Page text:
By Barb Arland-Fye
Bishop Martin Amos arrived at a house in Clinton for dinner and received hugs and handshakes from the five housemates meeting him for the first time. All five are core members of The Arch/L’Arche, a community of people with and without intellectual disabilities who share life together in houses and apartments.
While giving Bishop Amos a big hug, core member Janice Warner noticed a chain around his neck that mysteriously disappeared into the chest pocket of his black suit coat. “It’s my pectoral cross,” the bishop explained, showing her the cross attached to the chain and tucked inside the pocket, one of the symbols of his role as bishop. “It’s very special because the cross came from my grandmother.” Janice, who is not Catholic, wondered if she could have a pectoral cross too!
Bishop Amos had been invited to dinner at Arch II in anticipation of his trip next month to France to present the Pacem in Terris Peace and Freedom Award to L’Arche founder Jean Vanier.
While the bishop knew about L’Arche, which has 140 communities worldwide, this was his first visit to one of them. Kent Ferris, diocesan director of Social Action and coordinator of the Pacem in Terris Coalition, accompanied Bishop Amos.
I joined them because The Arch has a special place in my heart and I’m covering the award presentation in France as a representative of the coalition.
Arch II House Coordinator Jon Kuiper grilled pork chops for the occasion and Jo Anne Horstmann, an assistant at Arch II, shared sweet corn from her family farm in Lost Nation. Jo Anne previously served as longtime community leader for The Arch and then as regional coordinator for L’Arche USA’s central region.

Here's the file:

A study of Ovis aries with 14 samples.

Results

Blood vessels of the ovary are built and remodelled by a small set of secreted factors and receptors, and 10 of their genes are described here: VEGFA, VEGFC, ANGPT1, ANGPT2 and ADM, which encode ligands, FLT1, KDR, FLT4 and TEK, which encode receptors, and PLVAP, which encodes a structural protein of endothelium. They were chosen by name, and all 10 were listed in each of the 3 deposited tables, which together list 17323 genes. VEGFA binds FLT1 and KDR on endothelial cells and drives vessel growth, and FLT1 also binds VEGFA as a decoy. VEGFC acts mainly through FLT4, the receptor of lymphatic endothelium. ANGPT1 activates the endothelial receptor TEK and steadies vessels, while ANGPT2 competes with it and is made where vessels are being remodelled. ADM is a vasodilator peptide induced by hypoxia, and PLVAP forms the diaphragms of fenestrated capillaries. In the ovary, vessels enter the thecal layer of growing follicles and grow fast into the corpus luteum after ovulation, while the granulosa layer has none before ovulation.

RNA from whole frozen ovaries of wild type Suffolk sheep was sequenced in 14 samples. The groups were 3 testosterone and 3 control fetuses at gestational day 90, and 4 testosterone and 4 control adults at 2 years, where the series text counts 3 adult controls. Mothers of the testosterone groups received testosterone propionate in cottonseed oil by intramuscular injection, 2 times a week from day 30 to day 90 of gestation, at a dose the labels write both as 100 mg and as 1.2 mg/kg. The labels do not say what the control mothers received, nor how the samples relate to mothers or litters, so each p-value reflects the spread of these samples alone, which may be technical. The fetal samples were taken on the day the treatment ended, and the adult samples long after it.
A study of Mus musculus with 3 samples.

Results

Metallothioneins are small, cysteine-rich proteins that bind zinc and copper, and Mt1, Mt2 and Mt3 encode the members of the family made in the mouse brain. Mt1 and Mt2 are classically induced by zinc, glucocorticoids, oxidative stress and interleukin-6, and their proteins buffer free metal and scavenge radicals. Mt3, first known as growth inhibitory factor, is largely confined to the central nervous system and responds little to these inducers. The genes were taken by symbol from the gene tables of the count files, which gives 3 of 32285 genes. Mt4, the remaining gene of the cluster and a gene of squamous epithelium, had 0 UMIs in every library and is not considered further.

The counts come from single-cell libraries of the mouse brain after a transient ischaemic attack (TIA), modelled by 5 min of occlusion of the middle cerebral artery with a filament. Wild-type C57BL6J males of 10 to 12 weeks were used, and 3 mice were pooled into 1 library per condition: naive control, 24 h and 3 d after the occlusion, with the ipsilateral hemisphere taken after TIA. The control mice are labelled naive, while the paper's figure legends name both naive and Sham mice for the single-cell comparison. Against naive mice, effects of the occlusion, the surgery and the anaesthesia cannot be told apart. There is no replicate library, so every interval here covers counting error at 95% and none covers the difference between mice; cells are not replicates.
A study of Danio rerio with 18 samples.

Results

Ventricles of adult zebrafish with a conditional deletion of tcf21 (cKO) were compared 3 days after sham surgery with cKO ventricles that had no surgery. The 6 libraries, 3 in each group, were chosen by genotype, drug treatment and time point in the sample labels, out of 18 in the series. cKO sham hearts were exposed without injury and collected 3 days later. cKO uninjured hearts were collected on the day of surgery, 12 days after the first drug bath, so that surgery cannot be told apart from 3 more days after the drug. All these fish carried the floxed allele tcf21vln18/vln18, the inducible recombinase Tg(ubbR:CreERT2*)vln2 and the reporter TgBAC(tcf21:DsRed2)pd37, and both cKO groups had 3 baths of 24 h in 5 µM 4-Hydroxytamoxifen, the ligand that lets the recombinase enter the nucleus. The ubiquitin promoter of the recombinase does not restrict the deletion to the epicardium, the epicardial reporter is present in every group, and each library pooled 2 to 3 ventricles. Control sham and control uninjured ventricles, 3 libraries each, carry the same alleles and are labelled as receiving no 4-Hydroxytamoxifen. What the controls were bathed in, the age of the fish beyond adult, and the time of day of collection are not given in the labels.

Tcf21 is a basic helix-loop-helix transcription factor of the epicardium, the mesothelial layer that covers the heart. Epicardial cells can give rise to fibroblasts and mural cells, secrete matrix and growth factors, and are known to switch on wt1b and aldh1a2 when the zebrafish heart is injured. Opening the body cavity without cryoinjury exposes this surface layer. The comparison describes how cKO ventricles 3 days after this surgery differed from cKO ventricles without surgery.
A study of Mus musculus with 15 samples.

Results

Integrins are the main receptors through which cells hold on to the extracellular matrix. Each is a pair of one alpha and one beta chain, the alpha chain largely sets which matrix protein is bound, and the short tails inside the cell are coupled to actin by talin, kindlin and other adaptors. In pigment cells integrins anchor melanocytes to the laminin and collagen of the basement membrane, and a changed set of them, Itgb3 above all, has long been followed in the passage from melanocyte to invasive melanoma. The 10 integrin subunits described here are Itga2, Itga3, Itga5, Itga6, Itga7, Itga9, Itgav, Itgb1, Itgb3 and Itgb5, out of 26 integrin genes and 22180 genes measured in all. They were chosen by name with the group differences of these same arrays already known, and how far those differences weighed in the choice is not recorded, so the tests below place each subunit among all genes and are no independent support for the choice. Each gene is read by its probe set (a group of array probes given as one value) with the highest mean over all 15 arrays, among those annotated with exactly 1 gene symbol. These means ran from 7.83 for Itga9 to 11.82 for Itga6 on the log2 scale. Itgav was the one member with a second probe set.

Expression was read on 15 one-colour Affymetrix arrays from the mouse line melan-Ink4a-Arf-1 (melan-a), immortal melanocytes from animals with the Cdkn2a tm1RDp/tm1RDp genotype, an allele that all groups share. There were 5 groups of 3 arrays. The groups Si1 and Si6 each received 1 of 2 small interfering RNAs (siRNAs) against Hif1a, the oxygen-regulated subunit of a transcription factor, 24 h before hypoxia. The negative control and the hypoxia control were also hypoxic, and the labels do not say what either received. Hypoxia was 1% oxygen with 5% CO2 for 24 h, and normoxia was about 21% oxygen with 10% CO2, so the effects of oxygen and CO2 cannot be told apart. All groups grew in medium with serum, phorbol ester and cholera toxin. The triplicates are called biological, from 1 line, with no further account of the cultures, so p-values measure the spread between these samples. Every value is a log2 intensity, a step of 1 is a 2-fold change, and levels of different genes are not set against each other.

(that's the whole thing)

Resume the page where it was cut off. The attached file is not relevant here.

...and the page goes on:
For Jo Anne and for Sister Maria Zeimen, OSF, who now serves as The Arch’s interim community leader, the Clinton community has had a years-long hold on their hearts.
Clinton’s Arch community opened its doors 39 years ago after Sister Marjorie Wisor, OSF, met Vanier and spent time at the first L’Arche community he founded in Trosly-Breuil, France.
“This visit left a great impression on me as I felt layers of me being stripped away as the handicapped people met me person-to-person. There were no barriers. Our ‘persons’ met at the deepest level,” Sr. Marjorie recalled in a reflection on The Arch’s website. With Sr. Maria as assistant, Sr. Marjorie opened the door to the first core member, Gerry Potter, in 1974.
Today, The Arch has three homes and six apartments with 18 core members and 18 full-time and part-time assistants who live in or outside The Arch. Other members include the community leader, community coordinator, office manager, administrative assistant and an eight-member board of directors.
After the delicious dinner at Arch II, topped off with ice cream and Oreo cookies for dessert, we all headed to Sacred Heart Chapel about seven blocks away, for the monthly prayer service of The Arch community. I wanted to walk to the chapel and so did core member Brenda Connell. We had a delightful visit as we walked to and from the prayer service. We discovered, among other things, that we were born in the same year and both of us are first-born children.
Leading the prayer service were Deacon Jeff Schuetzle of Prince of Peace Parish in Clinton and Annette Lyons, who heads the parish’s outreach ministry. Blessings are plentiful during the prayer service. Anyone who’s celebrating an anniversary that month gets blessed, Deacon Jeff explained.
After the group blessed assistant Sue Tarr, they blessed Deacon Jeff and Annette, who celebrated 10 years of ministry to The Arch. Then they blessed Bishop Amos and me for the journey to their founder’s home.
Bishop Amos may have arrived at The Arch as a stranger, but he left as a beloved friend.